Seven of the team’s 10 players are Seminole, as is coach Holly Johns. Sometimes during matches it’s a Seminole full house with all six positions on the court – libero, setter, hitters, blockers – occupied by girls from the Brighton Reservation.
Regardless of how the team fares this season with wins and losses, it will certainly be a memorable year for the Seminole Seven: senior Delaney Osceola; juniors Tyra Baker, Kalgary Johns and Trista Osceola; sophomores Sydnee Cypress and Courtney Gore; and freshman Sunni Bearden.
“It’s pretty cool. We all get to play together. It’s fun,” Tyra said.
“Since we’ve all grown up around each other and know each other really well, it helps us on the court,” Kalgary said.
The team has had its share of players from the reservation in the past, including four last year, but the number received a boost this season with a pair of transfers and the addition of Sunni.
“Being with the girls I’ve grown up with has been really interesting,” said Delaney, one of the team’s top hitters who transferred from Okeechobee High for her senior year. As the only Seminole senior and the oldest of the seven, Delaney said she takes some good-natured ribbing from her younger teammates.
“She’s a big part of the family, so we can’t pick on her too much,” Courtney said.
Being one of only two seniors from the class of 2015 on the team does have its benefits, such as more attention that will come her way on senior night.
“I think it’s pretty cool, but I’m not ready for it,” Delaney said.
Four players – Tyra, Courtney, Trista and Kalgary – have been teammates since about age 8 when they first started playing volleyball on travel teams coached by Holly Johns.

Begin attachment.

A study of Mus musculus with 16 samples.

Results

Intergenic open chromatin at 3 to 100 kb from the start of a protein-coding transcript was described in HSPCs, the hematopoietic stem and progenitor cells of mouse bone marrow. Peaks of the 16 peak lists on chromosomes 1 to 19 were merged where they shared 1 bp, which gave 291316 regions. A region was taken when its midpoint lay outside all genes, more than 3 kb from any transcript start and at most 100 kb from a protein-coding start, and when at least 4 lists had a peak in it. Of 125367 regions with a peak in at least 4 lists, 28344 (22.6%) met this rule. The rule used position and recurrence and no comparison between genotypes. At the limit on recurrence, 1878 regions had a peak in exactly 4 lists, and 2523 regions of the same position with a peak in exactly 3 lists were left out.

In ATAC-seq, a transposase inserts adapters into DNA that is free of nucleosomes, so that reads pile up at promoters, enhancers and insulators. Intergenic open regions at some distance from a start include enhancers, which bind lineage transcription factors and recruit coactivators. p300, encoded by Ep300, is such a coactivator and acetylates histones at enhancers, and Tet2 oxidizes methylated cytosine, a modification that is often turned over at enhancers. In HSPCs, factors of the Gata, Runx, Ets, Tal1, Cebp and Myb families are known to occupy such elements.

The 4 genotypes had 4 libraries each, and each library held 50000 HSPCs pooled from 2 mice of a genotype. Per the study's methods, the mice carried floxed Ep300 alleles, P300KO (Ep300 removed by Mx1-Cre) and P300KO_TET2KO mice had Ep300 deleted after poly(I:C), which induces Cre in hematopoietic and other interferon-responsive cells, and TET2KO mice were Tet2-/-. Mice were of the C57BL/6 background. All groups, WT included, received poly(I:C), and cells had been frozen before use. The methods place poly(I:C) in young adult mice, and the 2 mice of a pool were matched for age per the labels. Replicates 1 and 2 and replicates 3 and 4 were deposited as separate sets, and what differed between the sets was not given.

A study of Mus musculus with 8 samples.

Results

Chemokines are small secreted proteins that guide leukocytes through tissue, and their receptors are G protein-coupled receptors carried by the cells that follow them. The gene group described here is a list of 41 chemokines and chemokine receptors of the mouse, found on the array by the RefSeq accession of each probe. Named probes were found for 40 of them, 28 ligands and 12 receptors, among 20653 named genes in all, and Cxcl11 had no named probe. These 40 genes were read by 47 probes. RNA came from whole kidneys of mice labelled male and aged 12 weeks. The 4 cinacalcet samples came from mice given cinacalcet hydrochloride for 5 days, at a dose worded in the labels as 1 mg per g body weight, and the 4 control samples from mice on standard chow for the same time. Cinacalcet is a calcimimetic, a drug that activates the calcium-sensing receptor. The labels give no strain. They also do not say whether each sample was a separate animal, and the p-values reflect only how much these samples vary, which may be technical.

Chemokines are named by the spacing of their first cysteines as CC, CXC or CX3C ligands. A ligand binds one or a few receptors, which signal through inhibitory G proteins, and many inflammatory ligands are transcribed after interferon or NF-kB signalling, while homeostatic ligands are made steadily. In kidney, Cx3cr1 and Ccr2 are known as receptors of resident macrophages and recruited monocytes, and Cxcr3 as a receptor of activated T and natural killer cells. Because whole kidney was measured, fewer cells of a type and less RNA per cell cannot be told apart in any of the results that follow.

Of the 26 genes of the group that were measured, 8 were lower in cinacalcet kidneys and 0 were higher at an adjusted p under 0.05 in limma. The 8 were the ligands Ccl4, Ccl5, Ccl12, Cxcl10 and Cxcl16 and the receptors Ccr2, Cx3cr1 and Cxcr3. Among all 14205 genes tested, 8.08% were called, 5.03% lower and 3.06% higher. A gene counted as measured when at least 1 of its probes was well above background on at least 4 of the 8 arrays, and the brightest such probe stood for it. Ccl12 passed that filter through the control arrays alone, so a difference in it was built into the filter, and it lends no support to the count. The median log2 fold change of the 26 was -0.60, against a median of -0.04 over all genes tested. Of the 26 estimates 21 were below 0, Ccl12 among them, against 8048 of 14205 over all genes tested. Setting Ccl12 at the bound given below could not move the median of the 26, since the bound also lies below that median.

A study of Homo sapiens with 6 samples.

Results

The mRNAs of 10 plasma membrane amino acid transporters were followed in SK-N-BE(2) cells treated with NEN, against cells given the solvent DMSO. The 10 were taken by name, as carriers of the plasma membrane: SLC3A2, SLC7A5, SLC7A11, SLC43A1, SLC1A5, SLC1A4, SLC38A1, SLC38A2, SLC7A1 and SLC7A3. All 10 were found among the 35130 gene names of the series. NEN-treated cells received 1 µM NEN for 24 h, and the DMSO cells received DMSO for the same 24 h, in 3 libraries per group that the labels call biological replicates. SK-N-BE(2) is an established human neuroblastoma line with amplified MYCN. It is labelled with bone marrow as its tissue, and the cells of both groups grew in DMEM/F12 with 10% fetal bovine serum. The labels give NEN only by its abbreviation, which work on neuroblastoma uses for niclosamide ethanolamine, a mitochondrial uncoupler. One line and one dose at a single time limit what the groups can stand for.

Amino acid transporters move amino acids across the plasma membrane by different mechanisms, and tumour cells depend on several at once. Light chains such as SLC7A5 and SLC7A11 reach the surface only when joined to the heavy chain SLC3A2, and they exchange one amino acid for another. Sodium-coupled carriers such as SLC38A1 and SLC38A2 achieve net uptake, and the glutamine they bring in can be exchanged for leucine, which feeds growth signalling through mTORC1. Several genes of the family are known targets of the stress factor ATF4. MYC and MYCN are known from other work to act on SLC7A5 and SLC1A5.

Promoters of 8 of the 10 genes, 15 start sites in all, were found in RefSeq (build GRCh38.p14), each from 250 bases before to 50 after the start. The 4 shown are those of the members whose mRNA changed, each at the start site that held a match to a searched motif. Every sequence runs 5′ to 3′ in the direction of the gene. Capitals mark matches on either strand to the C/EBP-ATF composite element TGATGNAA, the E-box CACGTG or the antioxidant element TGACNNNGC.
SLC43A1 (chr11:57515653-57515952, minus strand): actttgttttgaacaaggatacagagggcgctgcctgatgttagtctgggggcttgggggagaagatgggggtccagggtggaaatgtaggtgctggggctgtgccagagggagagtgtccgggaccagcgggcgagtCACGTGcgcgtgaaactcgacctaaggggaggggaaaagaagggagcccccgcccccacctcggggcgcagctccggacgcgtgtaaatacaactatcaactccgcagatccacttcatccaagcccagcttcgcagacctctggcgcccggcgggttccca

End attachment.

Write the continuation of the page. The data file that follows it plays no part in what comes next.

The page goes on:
An additional caveat for the Seminole contingent is the team’s home court this season. Because a new gymnasium is under construction at Moore Haven High, the Terriers play all home matches at the Brighton Gym.
“We’re happy to be playing on the rez in our home gym,” Courtney said. “I’ve been on the rez my whole life. This gym is home. Sunni lives right across the street. The rest of us live down the main highway. If we want to play volleyball, we just call each other.”
Apparently no tears were shed when Moore Haven’s gym was torn down. Players said they’ll remember the venue for its age – close to 50 – and lack of comfort.
“It was one of the only gyms in Florida that didn’t have air conditioning. It was really hot,” Sydnee said.
“It had a big roof and the floor was awesome, but it was just hot,” Courtney added. “We’re just happy we’re going to have air conditioning next year. I have asthma. It was killing me.”
Players said the new gym might be open in time for the school’s basketball season. A few of the Seminoles also play on the girls basketball team, but softball is the main sport for most of them. Last season, Moore Haven softball – whose Seminole varsity representation included Sydnee and Kalgary – made it all the way to the Class 3A state final. As an Okeechobee student and spectator at the time, Delaney attended the final.
This year she hopes to play in it.
“I went to watch them. Hopefully I can play in the state championship my senior year,” she said.
For now, the focus is on volleyball.
Moore Haven lost its first three matches but enjoyed a successful home debut in Brighton Sept. 8 with a 3-0 win against Ahfachkee. Another win came Sept. 17 against Clewiston.
Besides losses against tough competition early in the season, another obstacle the team has encountered comes every day after school. Because of construction, practices are held outside on a sand court, where footing is vastly different than indoors.
“It’s been a lot harder. It’s hard to run the rotations on the sand,” said Holly Johns, who is in her second season as a head coach at her alma mater. She played on Moore Haven’s volleyball team in the old gymnasium.
“Just going to school in Moore Haven was really fun, a very small group, almost like the Charter School out here. It’s the same concept. Small group and very close,” she said.
That concept applies to her players as well, even after losses on the road.
“On the way back, win or lose, we’re still a family,” Courtney said.